We’ve teamed up with True North Ale Company to help bring their exceptional Kestrel American IPA into New Hampshire! Mass Audubon partnered with the brewery last spring to launch the specialty ale in Massachusetts, and this spring NH Audubon joins the effort and rewards of sharing the tasty brew across the border. A portion of the sales of Kestrel IPA will be donated to NH Audubon in support of bird conservation.
**In June, this specialty ale won a Gold Medal at the North American Brewers Association International Competition**
“Brewed with American 2-row, pale ale, and Vienna malts. Aggressively hopped with Mosaic, Simcoe, Citra, Idaho 7, and Cascade, lending flavors of bright orange citrus, tropical fruit, and pine…
A collaboration with our friends at Mass Audubon and NH Audubon in support of conservation efforts that protect wildlife and connect people with nature.”
Join us at Fody’s Tavern in Derry on Saturday, June 18, 2022 from 1-3pm: Kestrel IPA will be on draft and we’ll be there with our resident Red-tailed Hawk. Stop by, enjoy a meal and a pint, and learn more about our native raptors!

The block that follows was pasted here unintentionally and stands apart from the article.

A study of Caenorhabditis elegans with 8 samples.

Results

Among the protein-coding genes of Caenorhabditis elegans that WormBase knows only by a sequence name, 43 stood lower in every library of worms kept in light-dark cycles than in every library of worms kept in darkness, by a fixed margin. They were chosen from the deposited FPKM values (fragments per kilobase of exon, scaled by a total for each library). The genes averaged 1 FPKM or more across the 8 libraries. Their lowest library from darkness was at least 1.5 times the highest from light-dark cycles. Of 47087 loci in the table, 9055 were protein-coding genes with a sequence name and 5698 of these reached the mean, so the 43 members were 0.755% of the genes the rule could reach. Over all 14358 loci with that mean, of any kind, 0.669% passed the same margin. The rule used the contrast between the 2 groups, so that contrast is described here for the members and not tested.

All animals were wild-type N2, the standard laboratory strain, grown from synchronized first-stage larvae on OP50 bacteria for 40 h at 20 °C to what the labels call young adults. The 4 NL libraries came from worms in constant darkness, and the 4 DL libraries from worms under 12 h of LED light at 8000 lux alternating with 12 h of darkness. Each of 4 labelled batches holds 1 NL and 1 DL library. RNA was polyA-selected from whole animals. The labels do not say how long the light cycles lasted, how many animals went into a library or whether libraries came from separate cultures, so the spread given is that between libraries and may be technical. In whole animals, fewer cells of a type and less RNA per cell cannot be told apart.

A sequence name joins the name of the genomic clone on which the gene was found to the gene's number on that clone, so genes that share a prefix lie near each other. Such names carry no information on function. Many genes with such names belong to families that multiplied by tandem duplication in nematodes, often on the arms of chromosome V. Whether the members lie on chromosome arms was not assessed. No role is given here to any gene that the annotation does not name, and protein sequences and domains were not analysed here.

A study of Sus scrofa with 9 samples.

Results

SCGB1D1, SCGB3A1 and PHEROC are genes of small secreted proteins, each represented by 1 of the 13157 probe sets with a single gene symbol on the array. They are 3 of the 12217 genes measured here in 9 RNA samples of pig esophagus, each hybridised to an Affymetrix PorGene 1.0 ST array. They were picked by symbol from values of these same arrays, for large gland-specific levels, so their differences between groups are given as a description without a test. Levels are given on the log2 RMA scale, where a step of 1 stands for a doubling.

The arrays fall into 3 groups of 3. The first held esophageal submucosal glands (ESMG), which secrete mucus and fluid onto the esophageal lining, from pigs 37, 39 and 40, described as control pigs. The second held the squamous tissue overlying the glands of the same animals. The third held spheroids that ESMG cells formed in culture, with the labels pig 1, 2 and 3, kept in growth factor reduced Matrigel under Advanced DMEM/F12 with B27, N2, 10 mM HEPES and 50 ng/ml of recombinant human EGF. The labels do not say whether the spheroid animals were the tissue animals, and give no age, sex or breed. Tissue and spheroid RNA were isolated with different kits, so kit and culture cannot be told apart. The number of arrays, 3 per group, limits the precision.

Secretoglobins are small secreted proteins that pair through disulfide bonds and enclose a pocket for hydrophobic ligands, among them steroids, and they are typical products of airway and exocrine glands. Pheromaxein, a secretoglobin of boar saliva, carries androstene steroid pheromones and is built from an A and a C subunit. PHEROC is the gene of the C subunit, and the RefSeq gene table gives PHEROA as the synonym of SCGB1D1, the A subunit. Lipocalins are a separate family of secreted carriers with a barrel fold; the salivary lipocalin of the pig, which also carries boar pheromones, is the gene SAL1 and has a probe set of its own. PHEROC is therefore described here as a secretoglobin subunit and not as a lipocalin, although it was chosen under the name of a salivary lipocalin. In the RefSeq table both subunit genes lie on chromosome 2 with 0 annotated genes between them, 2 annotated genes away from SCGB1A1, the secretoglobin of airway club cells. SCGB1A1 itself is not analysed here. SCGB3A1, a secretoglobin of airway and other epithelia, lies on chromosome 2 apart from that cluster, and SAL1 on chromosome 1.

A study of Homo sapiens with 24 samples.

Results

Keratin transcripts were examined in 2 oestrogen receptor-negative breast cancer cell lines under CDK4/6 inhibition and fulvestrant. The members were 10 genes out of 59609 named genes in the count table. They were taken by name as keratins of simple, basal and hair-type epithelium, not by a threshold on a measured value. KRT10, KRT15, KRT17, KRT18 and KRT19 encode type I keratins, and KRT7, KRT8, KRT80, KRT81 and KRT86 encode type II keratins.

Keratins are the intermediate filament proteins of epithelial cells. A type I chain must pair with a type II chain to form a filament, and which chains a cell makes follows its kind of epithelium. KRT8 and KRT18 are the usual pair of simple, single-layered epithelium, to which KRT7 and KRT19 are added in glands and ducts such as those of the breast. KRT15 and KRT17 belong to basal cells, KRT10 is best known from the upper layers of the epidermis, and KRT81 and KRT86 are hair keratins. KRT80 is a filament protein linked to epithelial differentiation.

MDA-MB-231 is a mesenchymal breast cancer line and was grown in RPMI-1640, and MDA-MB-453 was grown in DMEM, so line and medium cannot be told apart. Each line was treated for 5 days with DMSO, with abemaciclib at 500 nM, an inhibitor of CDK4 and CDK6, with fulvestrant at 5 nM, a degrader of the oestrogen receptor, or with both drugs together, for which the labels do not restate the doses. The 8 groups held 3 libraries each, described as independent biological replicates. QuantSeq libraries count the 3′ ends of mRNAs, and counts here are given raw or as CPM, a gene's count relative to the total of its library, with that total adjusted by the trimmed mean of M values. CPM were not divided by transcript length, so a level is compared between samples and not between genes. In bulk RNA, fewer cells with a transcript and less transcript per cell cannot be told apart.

How are Kestrels doing in NH?
Take a look at their status in our recent State of the Birds report:
Current Trends: Birds of prey have generally been the beneficiaries of focused conservation actions. The banning of DDT in the 1970s, and targeted efforts such as captive breeding, allowed for recovery of Osprey, Bald Eagle, and Peregrine Falcon across the eastern United States. Smaller raptors such as the Cooper’s Hawk also probably increased at least in part thanks to efforts initiated for other species, but not so the American Kestrel. Kestrels have been declining in New Hampshire and the Northeast at between 2 and 4% per year, which means there are less than a third as many of these small falcons as there were 50 years ago. Declines seem to be larger in the south than in the north, and kestrels are a much more reliable sight north of the White Mountains.
Primary Threats: Reasons for the kestrel decline are not well-understood. Intensified agriculture, which entails monocultures and heavy pesticide inputs, could be impacting the insects that make up a significant portion of the birds’ diet. This same threat has been proposed for other open country birds like many of our swallows. Loss of farmland and resulting regrowth of forests eliminates the open habitats kestrels need to forage. There is even speculation that increasing populations of Cooper’s Hawks might be preying on kestrels, especially young and inexperienced birds that have just left the nest.
Conservation Actions: More research is needed to understand the effects of pesticides on kestrel populations. In the meantime, efforts to help kestrels by erecting nesting boxes are expanding in New England. For more information, visit the American Kestrel Partneship.